Welcome to Day 4 of the Adjustable Shawls series! Today, we’re talking about adjustable stoles and resizing rectangle shawls.
The Basics of Rectangle Shawls (Stoles)
There is a whole bunch of information about stoles available in my Shawl Design For Everybody series here on knitting.today. If you don’t know anything about rectangular shawls and how they are constructed yet, feel free to browse the series and learn about
in the shawl design online series before proceeding.
Resizing Rectangle Shawls
Stoles are adjustable by default when worked hem to hem or from center out. Make sure you use your kitchen scale as described in the post Your Most Important Tool when working from center outwards or with patterned stoles.
For alignment of pattern modules in square shawls the same principles as outlined in the post on the math of adjustable shawls – What Makes Shawls Adjustable? – apply here, too.
Pattern Modules in Stoles
An example for a stole module setup is shown below: the modules used are a 5 by 5 and a 10 by 10 stitches pattern repeat.
No matter how many rows of 10 x 10 modules are worked, the stitch count is always 50 stitches (five 10 x 10 modules). As 5 x 5 modules can be fitted into a 50 stitch row without remainders, this shawl is adjustable without any problem.
If you want to combine 10 x 10 with 7 x 7 panels, things look a bit differently.
All combinations of 10 x 10 panels give stitch counts divisible by 10: working a number N of 10 x 10 panels results in a stitch count of N*10.
All combinations of 7 x 7 panels give stitch counts divisible by 7: working a number M of 7 x 7 panels results in a stitch count of M*7.
The trick is to find specific numbers M and N for which N*10 = M*7 is true.
The solution is relatively easy here: N*10 = 10*N which has to be equal to M*7 to make it work:
10*N = M*7
Can you spot the solution? If N = 7 and M = 10, the equation is true:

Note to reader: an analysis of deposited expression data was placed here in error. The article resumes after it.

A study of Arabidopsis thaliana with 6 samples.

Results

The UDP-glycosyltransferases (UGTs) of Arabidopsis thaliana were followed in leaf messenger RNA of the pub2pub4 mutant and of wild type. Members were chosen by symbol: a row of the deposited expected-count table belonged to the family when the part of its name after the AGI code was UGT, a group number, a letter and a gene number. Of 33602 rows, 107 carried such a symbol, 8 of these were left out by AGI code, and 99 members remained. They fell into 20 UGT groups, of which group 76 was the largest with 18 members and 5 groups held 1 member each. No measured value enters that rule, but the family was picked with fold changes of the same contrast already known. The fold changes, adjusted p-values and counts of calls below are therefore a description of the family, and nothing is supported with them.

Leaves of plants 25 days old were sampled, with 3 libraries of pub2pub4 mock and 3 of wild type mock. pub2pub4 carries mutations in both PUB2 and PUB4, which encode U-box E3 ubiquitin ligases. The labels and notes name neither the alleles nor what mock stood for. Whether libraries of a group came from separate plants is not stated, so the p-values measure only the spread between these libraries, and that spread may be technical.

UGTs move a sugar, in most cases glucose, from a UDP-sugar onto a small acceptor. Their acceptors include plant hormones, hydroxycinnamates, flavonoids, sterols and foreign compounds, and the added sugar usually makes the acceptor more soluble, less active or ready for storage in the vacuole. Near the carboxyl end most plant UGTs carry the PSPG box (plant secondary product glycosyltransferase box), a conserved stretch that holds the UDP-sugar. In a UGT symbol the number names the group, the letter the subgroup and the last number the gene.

10 * 7 = 10 * 7 = 70.
We need a stitch count of 70 to make it work! So if we choose to work 7 repeats of 10 x 10 panels and 10 repeats of 7 x 7 panels, it works out.
It also works out for each multiple: 2 * (10 * 7) = 140 stitches, 14 repeats of 10 x 10 panels, works too. And also 3 * (10 * 7) = 210, 4 * (10 * 7) = 210, and so on. If you still have no clue what I’m talking about, get out your undergrad math books and look up the chapter on the least common multiple. (Do you still wonder why the heck you had to learn this awkward math things in school? Now here you got your answer! You can use them to make your knitting life easier!)
The easiest formula for a working combination of A x A with B x B stitch panels is to calculate your needed stitch count by using
C * (A * B)
where C is any whole number greater than zero (1, 2, 3, …) and A and B are your panel stitch counts. (Cave: this works for symmetrical panels only where the stitch count equals the row count in one panel! It does NOT work for panels A x B where A is not equal to B.)
Stoles using only one stitch pattern (for instance, only use garter stitch or only one pattern repeat) are adjustable by default. Resizing rectangle shawls is easy in this case.
To turn stoles with different stitch patterns into adjustable stoles, you have to make sure the stitch count before and after a pattern transition (changing the pattern within the stole) does not change.
Any questions so far? If yes, feel free to drop me a comment!